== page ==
Zachary School Superintendent Scott Devillier is on a mission to inform the community about the 1-cent sales tax increase the Zachary Community School Board is asking voters to consider on the March 28 ballot.
On Jan. 15, Devillier provided an update to members of the Zachary Rotary Club.
“We’ve been discussing district budget issues and finances for about five years now, and outgoing board members have had plenty of discussions,” Devillier said.
His job, Devillier said, is to educate the community on where the district is currently; to make the best decisions possible; and to educate new board members on the budget and the issues surrounding it.
Devillier provided a snapshot of the district’s finances, not unlike the presentation shared with the community during town hall meetings in October.
In 2009-10, the state Legislature eliminated the district’s annual 2.75 percent Minimum Foundation Program increase resulting in lost revenue for the district while at the same time requiring additional funding for new initiatives, Devillier said.
“For the 2013-14 fiscal year, the lost revenue amounted to about $3.5 million,” Devillier said.
Since 2009, the Zachary district has seen increases totaling $4 million in retirement costs and about $1 million in health benefits, he said. Mandated employer contributions to teachers’ retirement funds increased from 15.5 percent of the employee’s salary in 2010 to about 28 percent in 2014. That increase in retirement costs equated to about $3.8 million for the 2010-11 budget and about $7.8 million in 2013-14, Devillier explained.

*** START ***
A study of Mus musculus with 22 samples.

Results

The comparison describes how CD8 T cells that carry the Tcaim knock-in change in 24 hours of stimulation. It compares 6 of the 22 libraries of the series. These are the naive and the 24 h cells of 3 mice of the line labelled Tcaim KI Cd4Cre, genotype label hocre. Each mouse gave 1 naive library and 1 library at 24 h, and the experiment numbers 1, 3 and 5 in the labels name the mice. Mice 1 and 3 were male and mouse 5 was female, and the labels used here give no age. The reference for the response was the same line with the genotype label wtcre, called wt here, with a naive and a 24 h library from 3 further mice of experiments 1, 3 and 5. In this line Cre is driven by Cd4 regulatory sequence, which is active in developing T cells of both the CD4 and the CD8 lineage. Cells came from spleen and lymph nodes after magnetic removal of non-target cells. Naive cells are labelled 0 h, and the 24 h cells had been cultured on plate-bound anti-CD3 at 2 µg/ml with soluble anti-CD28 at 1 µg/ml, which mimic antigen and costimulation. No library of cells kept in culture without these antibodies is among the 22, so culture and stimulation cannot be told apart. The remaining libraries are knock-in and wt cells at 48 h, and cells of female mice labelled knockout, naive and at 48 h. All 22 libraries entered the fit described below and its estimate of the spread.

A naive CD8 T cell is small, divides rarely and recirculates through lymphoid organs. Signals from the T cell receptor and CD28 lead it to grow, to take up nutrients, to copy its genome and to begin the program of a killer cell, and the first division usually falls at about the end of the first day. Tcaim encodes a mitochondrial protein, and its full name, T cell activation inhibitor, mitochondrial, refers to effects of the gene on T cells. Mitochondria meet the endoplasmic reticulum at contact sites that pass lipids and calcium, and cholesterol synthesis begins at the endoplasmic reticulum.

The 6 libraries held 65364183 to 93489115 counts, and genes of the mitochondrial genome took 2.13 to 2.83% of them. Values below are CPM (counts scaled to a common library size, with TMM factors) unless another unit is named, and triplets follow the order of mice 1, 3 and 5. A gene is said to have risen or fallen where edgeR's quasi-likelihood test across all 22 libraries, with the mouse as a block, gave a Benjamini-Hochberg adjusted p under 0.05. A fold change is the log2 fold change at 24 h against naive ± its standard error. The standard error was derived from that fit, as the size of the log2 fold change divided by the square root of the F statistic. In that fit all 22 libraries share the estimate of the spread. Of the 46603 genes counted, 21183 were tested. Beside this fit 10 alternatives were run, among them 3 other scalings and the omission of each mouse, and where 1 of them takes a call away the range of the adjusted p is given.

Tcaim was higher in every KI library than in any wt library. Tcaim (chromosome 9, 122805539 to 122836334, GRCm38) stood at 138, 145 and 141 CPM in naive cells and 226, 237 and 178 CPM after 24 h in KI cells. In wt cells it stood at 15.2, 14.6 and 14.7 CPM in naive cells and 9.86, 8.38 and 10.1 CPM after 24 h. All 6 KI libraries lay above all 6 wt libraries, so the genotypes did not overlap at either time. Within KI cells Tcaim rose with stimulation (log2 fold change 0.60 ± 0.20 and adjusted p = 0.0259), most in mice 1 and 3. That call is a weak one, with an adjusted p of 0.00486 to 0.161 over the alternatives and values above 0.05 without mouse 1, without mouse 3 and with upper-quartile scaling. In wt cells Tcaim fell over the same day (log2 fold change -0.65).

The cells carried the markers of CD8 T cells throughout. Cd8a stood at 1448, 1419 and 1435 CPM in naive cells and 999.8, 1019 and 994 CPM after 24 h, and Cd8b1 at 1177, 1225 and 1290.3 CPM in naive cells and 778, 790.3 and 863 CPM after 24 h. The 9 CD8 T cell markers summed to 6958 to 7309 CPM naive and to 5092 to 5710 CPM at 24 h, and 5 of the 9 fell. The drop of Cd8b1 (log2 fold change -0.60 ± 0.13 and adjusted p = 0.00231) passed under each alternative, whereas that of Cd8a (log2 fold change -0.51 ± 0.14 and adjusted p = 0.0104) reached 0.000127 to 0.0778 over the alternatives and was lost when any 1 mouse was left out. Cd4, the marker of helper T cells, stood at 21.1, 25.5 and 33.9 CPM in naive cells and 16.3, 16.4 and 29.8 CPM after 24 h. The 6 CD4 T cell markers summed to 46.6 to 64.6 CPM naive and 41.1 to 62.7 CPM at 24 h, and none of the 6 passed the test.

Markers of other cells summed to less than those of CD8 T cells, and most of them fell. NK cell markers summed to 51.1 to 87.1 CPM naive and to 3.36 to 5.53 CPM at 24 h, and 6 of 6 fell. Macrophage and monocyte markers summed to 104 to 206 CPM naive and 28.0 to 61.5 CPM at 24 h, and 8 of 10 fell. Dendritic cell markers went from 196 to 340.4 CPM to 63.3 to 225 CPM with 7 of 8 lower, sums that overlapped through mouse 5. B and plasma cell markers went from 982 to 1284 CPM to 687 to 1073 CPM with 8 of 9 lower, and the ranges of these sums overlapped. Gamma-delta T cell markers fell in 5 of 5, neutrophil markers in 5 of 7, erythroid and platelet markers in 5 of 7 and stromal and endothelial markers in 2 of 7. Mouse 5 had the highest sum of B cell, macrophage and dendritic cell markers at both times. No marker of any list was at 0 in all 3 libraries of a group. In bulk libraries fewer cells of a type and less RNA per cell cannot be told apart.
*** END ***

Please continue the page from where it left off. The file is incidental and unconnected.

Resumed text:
Devillier said the district can continue to cut until the effect reaches the students and the classrooms.
“We don’t want to go there, but the fact is, that’s where we’re headed. Cuts in various programs across the board including the arts, athletics and in lots of different areas will happen,” Devillier said. “And the cuts will happen this year, next year and the following year.”
Devillier said that before those cuts are made, officials want to know if that’s what the community wants.
“We have the best school system in the state and the No. 5 high school in the state,” Devillier said. “The top four high schools are magnet or private schools.”
Devillier said that if the 1-cent tax increase passes, the revenue it would generate — about $4.5 million — would be used to fill in the deficit and pay for some teachers to attend professional development courses that have been cut the past few years.
“We wanted to build nice, new schools and give our children a better learning environment,” Devillier said.
“We’d like to offer our students many opportunities, but with cuts, we’d actually have to take a step back, and we don’t want to do that,” Devillier said.
The Zachary school district has roughly 5,483 students enrolled and about 618 district employees, with about 404 of those employees working as teachers.